Sponsored Content - While tactics may have changed, “boiler room” operations are still used to pitch dubious investment schemes, says Christine Kieffer of the FINRA Investor Education Foundation.
Typically run as outbound call centers, boiler rooms target retail investors with highly speculative—often fraudulent—investments. In addition to phone calls, today’s boiler rooms also rely on messaging apps and social media to contact potential investors.
Regardless of the method of contact, the scammer’s goal is the same: Use high pressure tactics and persuasive language to convince investors to purchase specific investments that will ultimately enrich the scammer.
Red Flags of a Boiler Room Scam
The Unsolicited Pitch. If you’ve previously shown interest in higher risk investments or been victimized by a scam, the promoter might have found your name on a lead list (sometimes called a “mooch list”). Ask yourself, why would they share this opportunity with you rather than keep it to themselves?
The Hard Sell. Scammers often try to pressure investors into buying shares on “can’t miss” opportunities, painting a picture of wealth from an investment and claiming time (or product) is scarce. Be aware that boiler rooms frequently pitch speculative investments for which limited information is available.
The Unlicensed Promoter. Callers might claim to work for organizations that offer stock recommendations. However, the organizations often aren’t registered with FINRA, associated with any FINRA-registered firm, or involved with any legitimate business entity. Callers might use fake names and credentials, disguise their phone number, or create a new website to appear more credible.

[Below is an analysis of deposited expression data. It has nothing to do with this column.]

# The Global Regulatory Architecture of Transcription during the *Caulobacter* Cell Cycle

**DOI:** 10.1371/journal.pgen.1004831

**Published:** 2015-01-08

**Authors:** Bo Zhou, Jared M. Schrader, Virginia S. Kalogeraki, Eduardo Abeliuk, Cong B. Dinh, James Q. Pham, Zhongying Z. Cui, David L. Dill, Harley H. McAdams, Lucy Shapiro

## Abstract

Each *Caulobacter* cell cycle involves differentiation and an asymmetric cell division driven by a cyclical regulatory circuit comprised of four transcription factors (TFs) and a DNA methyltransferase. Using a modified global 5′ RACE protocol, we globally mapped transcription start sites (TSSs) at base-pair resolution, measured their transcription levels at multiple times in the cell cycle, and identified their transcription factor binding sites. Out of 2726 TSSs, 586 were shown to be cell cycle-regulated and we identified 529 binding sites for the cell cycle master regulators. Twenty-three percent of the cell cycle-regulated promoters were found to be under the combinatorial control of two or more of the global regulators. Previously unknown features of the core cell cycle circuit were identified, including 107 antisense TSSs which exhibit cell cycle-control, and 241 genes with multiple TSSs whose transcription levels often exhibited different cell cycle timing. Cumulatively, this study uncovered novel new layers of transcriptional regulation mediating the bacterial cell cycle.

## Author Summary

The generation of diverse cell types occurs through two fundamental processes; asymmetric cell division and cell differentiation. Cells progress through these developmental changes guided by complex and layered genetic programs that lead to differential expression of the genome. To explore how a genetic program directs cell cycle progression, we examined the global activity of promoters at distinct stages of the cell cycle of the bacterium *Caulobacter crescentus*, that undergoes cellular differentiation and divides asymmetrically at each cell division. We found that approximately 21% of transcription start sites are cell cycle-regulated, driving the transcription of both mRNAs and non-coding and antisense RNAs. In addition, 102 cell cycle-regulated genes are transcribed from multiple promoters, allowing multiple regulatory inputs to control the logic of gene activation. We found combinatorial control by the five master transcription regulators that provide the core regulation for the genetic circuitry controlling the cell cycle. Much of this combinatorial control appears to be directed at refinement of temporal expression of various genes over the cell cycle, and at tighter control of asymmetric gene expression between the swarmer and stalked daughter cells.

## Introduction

The Pump and Dump. Fraudsters sometimes engage in manipulative trading to create the illusion that the stock is on an upward trend and starting to gain traction. This could be a sign of a “pump-and-dump” scheme.
How Can You Protect Yourself?
- Decide now to decide later. Even if the claims sound plausible, don’t say “yes” to an aggressive cold caller or social media promoter, particularly if the recommended stocks are very low priced. Learn to recognize the tactics fraudsters use, and don't feel guilty about hanging up.
- Check with regulators and other third parties. Use FINRA BrokerCheck to verify whether a firm and individual are registered to sell securities or give investment advice. Double-check the validity of information about the organization or individual. Also check an investment’s public disclosure information using the SEC’s EDGAR filings.
- Research the promoter. Fraudsters constantly change the names of their outfits and set up new websites. Search domain registration databases to see how recently the website was created and by whom, and search the promoter’s name along with terms such as “complaints” or “scam.”
- Don’t give second chances. If you haven't invested, scammers will keep pressuring you. If you have invested, they’ll try to convince you to invest more.
- Remain vigilant. Think twice before paying for stock picks from non-registered or unlicensed individuals—or relying on tips from social channels, subscription services, or newsletters. And be on the lookout for multiple scam attempts in close proximity to one another.
If you’re suspicious about someone giving you unsolicited investment advice or promoting a particular investment, report your concerns to FINRA, the SEC, and your state securities regulator.
FINRA is a not-for-profit organization dedicated to investor protection and market integrity. Under the oversight of the U.S. Securities and Exchange Commission, FINRA regulates one critical part of the securities industry—brokerage firms doing business with the public in the U.S. For further information on protecting your money or to file a tip or complaint, visit www.FINRA.org/MoneyShow.